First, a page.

Most films begin with a concept; an idea around which the flick can find its bearing. In skiing, this can be a variety of things. Oft
Most films begin with a concept; an idea around which the flick can find its bearing. In skiing, this can be a variety of things. Oftentimes it’s a feel that the person behind the camera is trying to convey. Larger projects, like the timeless 2013 movie ‘Valhalla’ by Sweetgrass Productions, have shown how it’s possible to thread a plot line through the breathtaking action shots of skiing British Columbia powder, linking the piece into a cohesive unit of story telling and adrenaline. More recently, the shorter edits that dominate YouTube and Instagram seem to focus on the style of skiing or personality and build around that. The residual factor between all of these is the vision one has when they set out to film. But Gavin Rudy, a master of his craft who has honed his skills in the recent years creating solo projects and working with the Strictly crew, has shown us that true style and vision unfold themselves as they goes, and that you don’t always need a floor plan to start.
‘Penken State of Mond’ had no master plan, no blueprint, it was all off the cuff. Gavin shared this with us when we were prodding for answers surrounding what pictures he had gotten from the time the edit was filmed, or, moreover, what the thought behind the filming and production had been. It turns out the 5 minute hammer of an edit was simply the unplanned product of good people coming together over a common love; summer skiing at Penken with your homies. “It was sweet. It was just any other unplanned two days of skiing. Turned out it was one of the most poppin’ sessions I’ve ever seen.”
This might not sound like much of an accomplishment, but the cohesive feel of the whole thing is very impressive when considering there was no roadmap to start. Yes, when Joona Kangas, Simo Peltola, Dani Bacher, Ferdi Dahl and other friends show up, it’s hard to make a project that downright sucks. But still, starting with zero intention and building out an edit that flows together as smoothly as this does is indeed an achievement. This might not be entirely surprising though, as great ideas tends to come around when you’re not following a set plan; when your mind is open and the opportunities don’t have to be sought out, they simply arrive.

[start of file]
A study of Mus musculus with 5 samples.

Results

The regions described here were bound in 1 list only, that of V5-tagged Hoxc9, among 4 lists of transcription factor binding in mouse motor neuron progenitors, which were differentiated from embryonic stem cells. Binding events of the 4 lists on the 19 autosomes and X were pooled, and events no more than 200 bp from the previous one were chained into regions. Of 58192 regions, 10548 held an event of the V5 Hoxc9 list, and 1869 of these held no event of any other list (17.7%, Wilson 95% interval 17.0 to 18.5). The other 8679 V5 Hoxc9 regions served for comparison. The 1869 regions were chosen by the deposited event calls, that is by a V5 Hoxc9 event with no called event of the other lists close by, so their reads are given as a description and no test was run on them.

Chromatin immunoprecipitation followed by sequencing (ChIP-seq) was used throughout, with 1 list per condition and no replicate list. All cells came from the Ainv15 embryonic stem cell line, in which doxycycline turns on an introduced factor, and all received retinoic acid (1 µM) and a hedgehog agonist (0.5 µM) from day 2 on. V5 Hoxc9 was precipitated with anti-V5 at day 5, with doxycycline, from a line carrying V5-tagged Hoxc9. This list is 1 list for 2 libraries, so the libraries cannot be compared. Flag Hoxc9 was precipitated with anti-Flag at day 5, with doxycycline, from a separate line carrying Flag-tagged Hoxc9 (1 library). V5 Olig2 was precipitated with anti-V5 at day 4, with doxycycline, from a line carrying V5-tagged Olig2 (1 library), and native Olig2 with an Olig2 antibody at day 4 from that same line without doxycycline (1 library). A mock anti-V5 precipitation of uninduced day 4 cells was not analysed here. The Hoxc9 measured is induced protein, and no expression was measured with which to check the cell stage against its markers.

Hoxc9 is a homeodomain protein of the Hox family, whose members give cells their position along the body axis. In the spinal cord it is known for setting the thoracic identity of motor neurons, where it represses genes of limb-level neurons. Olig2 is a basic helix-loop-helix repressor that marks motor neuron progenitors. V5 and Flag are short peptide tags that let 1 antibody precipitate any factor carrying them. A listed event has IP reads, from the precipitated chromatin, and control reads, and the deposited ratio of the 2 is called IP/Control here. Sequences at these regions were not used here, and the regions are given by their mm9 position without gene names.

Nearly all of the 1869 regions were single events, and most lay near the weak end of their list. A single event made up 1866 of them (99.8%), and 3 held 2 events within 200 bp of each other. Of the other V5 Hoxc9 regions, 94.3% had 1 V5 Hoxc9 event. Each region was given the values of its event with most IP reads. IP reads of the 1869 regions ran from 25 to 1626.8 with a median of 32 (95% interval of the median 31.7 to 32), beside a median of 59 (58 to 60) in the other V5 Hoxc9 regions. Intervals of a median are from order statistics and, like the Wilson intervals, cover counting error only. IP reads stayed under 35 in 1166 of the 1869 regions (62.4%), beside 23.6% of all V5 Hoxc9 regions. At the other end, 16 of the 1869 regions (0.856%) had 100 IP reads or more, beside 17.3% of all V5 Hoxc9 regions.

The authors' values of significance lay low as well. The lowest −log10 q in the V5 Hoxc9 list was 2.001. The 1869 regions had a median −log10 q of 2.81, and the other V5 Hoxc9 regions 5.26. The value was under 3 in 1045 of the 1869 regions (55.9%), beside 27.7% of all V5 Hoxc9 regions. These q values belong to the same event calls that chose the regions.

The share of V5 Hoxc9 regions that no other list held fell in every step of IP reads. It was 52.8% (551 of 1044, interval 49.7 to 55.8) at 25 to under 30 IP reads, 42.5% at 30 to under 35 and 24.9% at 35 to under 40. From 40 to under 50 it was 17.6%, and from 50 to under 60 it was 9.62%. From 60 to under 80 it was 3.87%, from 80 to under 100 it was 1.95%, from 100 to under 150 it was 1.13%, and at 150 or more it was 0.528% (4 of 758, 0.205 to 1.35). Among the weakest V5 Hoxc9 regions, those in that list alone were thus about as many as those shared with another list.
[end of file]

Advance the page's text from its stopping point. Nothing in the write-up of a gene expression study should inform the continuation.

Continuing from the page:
The way I see it, this shows years of focus, refining a specific style of presentation. Whether you love it or hate it, you have to respect the fact that Gavin has come to own his unique eye behind the lens, which is something that many filmers try throughout their career to achieve and never do. It’s always easier to build off of what you’ve seen and imitate, than it is to start producing something original. Gavins projects thus far have been more and more unique and individualized, taking the knowledge gathered through the years and using it to aid in his own style of creation. The ability to present the world as you see it, and not just regurgitate what’s been established, is a talent that that skiing will always be in need of.
As we saw in ‘August Light‘, Gavin and crew clearly have a cinematic direction they want to take their movies in the future. While not every project is going to be a 20 minute masterpiece like ‘August Light’, the ability to create a short, beautifully cohesive product off the cuff is still something that deserves to be celebrated.
It could be said that dissecting something so poetic like ‘Penken State of Mond’ detracts from its beauty. But if it brings the product the attention that it deserves, which in turn provides needed inspiration for the community, then I think the project still remains wonderful in its own right. We will never know the formula for how to create great art like this, but for this masterpiece, it happened to be, “a heater [made] out of some normal days, just for the passion of skiing with your international friends.” Sounds like a pretty spectacular formula to me. Enjoy 5 minutes of summer skiing beauty, from the Austrian heaven of Penken Park.